We Europeans might pretend that we don’t understand the Sarah Palin phenomenon, but we know full well what it is. We have met her like before, in the shape of various politicians down the years, such as Pierre Poujade. She is a populist. She is putting into words – but not necessarily cogent or fact-based ones – what many of her fellow citizens feel right now, frustrated and furious about the current state of affairs in their country.
Like certain plants that appear from time to time, but only when a certain level of heat or humidity has been reached, populists burst into the political arena. They have much to say, all of it angry. To vary the metaphor, they are like the canaries in the coalmine: they warn of any build-up of gas in the tunnels. In the hearts of those who approve of what the populist is saying, this is a precise analogy.
The gas is the disconnect between citizens and representatives who, many feel, don’t listen to them any more. Whether or not that is true, politicians get hammered if, as soon as the canaries sing, they do not hasten back to their constituents to reconnect with their concerns and fears. Even that does not always work: witness the roasting of Senator Specter, at a town meeting not long ago, by ordinary people in Pennsylvania concerned about, and clearly misunderstanding, what is going on in the US.
The video amply demonstrates what might be called two opposing weather systems: the failure of the hapless Senator to gain any traction in the situation, and the marked political ignorance of the protestors. Whose fault is this?
To this question, Sarah Palin has an answer. If certain politicians grow into their positions so well that they stop listening to those whom they purport to represent and fail to heed what they are saying, however inarticulately, then someone like her is entitled to rail against them and has the talent for it. In so doing, she promises to articulate what all the discontented disconnected cannot quite put their finger on. Put into words what they really feel. Make the demands they cannot formulate properly. Compel the establishment to listen. In this, it has to be said, she seems rather good.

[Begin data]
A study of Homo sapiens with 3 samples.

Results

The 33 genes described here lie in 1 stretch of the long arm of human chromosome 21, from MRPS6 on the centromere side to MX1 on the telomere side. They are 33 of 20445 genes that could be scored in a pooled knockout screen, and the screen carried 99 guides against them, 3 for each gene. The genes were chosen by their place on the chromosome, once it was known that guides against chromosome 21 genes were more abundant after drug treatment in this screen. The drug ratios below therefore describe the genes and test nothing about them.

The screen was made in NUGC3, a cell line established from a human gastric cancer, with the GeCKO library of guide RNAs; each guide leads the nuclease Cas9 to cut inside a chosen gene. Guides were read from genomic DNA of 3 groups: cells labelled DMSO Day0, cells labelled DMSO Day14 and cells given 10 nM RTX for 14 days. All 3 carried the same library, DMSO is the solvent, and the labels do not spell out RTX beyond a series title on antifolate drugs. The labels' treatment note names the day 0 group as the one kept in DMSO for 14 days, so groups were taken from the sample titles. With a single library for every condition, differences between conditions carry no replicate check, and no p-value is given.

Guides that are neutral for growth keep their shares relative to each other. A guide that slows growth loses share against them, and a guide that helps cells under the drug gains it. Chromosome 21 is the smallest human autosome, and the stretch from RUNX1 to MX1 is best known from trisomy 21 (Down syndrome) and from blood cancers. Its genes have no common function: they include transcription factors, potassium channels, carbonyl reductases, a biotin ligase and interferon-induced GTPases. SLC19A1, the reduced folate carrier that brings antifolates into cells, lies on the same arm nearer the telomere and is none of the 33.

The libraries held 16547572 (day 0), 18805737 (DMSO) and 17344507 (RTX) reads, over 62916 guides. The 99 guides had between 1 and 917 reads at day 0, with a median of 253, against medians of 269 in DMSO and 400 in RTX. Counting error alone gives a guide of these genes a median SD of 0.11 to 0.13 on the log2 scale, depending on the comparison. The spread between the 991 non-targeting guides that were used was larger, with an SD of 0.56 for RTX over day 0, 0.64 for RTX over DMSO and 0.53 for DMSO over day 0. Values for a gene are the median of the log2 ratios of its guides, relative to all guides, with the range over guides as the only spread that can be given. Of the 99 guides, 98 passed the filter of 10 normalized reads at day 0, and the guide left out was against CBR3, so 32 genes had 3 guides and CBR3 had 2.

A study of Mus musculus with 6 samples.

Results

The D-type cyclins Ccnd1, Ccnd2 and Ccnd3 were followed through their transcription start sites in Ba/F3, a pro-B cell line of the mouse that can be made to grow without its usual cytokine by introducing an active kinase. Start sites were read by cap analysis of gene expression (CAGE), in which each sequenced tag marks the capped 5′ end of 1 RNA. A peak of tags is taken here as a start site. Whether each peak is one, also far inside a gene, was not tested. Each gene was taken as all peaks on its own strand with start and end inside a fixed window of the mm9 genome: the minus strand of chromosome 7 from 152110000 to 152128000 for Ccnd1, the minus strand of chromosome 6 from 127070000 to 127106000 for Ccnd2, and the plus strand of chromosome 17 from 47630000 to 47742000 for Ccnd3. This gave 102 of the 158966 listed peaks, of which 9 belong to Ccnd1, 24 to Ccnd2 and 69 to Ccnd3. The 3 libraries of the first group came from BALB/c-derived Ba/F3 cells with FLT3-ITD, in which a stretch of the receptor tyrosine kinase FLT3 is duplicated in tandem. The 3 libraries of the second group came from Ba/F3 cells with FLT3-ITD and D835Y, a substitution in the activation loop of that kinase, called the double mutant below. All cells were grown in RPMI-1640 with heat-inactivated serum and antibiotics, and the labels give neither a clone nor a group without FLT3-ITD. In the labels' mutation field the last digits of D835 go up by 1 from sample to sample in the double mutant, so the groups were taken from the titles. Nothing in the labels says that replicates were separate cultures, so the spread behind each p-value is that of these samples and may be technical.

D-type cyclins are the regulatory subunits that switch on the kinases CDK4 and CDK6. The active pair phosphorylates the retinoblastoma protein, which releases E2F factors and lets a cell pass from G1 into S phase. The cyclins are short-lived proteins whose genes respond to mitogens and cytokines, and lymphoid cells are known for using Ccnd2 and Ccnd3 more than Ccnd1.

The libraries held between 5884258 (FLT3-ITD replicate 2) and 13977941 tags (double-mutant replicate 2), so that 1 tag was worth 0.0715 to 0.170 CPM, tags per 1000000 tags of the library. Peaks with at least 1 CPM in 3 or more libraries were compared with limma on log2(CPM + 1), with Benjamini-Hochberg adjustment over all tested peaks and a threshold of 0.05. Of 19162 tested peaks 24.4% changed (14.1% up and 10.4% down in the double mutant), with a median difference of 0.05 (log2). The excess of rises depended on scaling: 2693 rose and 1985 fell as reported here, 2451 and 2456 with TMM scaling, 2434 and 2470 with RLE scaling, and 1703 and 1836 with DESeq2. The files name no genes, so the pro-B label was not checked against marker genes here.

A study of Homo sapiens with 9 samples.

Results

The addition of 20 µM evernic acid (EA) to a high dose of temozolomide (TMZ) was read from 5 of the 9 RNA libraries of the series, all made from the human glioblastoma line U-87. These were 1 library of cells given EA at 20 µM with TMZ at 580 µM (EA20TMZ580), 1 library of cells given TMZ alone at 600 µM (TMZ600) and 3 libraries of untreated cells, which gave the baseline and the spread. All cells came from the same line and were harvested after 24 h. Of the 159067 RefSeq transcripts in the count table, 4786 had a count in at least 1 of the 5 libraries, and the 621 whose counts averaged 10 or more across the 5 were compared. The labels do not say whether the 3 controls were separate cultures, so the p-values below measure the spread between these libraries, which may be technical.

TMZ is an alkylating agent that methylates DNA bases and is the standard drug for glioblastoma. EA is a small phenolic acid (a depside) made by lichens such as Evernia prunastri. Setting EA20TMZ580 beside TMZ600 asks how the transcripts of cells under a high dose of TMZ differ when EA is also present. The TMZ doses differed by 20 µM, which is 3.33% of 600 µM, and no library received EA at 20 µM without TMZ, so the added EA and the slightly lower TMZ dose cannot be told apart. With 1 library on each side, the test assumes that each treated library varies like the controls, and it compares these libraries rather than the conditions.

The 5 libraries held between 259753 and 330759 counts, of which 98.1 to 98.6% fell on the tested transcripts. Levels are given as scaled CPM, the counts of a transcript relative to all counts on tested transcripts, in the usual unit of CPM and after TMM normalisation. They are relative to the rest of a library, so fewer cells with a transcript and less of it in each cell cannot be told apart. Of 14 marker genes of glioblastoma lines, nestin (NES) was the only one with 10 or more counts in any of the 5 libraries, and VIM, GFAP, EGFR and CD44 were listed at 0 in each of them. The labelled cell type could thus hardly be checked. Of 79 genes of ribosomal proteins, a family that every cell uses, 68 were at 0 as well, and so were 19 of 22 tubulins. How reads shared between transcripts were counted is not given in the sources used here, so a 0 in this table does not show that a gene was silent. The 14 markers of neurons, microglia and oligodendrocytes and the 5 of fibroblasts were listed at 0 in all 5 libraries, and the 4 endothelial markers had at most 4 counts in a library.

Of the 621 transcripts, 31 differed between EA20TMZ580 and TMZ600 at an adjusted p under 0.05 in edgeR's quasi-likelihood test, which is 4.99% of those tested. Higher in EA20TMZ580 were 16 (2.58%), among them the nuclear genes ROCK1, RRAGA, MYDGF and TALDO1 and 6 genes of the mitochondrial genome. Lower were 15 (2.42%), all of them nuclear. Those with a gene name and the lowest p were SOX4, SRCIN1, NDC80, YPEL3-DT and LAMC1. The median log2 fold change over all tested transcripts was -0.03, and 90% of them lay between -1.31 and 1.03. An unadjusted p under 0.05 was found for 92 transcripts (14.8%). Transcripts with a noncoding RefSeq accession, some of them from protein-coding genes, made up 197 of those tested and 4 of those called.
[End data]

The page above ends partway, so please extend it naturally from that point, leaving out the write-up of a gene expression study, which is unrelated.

But Ms Palin must know that it is not all the politicians’ fault. They know why health provision has to be overhauled. They know why there are no simple answers to the immigration problem. But they have forgotten to explain this. Crucially, they often seem as if they have not yet come to grips with the gaps in their constituents’ world view.
If this is true, and if the media does not help, citizens become baffled and confused. Witness Tea Party stalwarts’ threats over Medicare, which they think is a private corporation that the government should leave alone.
Who will tell me why?
So, will Ms Palin do the explaining? Of course not: populists are not there to explain but to inflame. Furthermore she seems to share much of their ignorance as well as their inarticulate rage. That limits her effectiveness. It makes her unattractive to moderates, unhelpful to Republican candidates, and a real problem for her admirers. She can’t do it.
If she enters the race for the White House, there will come a time and place when, Muskie style, she will inadvertently say something really, carelessly, wrong. Then she will not be able to recover, the caravan will move on without her and she will fade from view.
But her work will have been done. She will have jolted all the politicians, Republicans included, and all the media, and reminded them that democracy only works if people feel properly informed and involved. Misrepresentation won’t do it either, Mr Cameron: you who cannot seem to be able to start a sentence except by saying, “Let me be perfectly clear…”. It has to be as near to the truth as possible, and convincing.
The one who knows all this clearly and can explain things so that citizens understand and buy into change will gain the White House. Or regain it. It won’t be Ms Palin.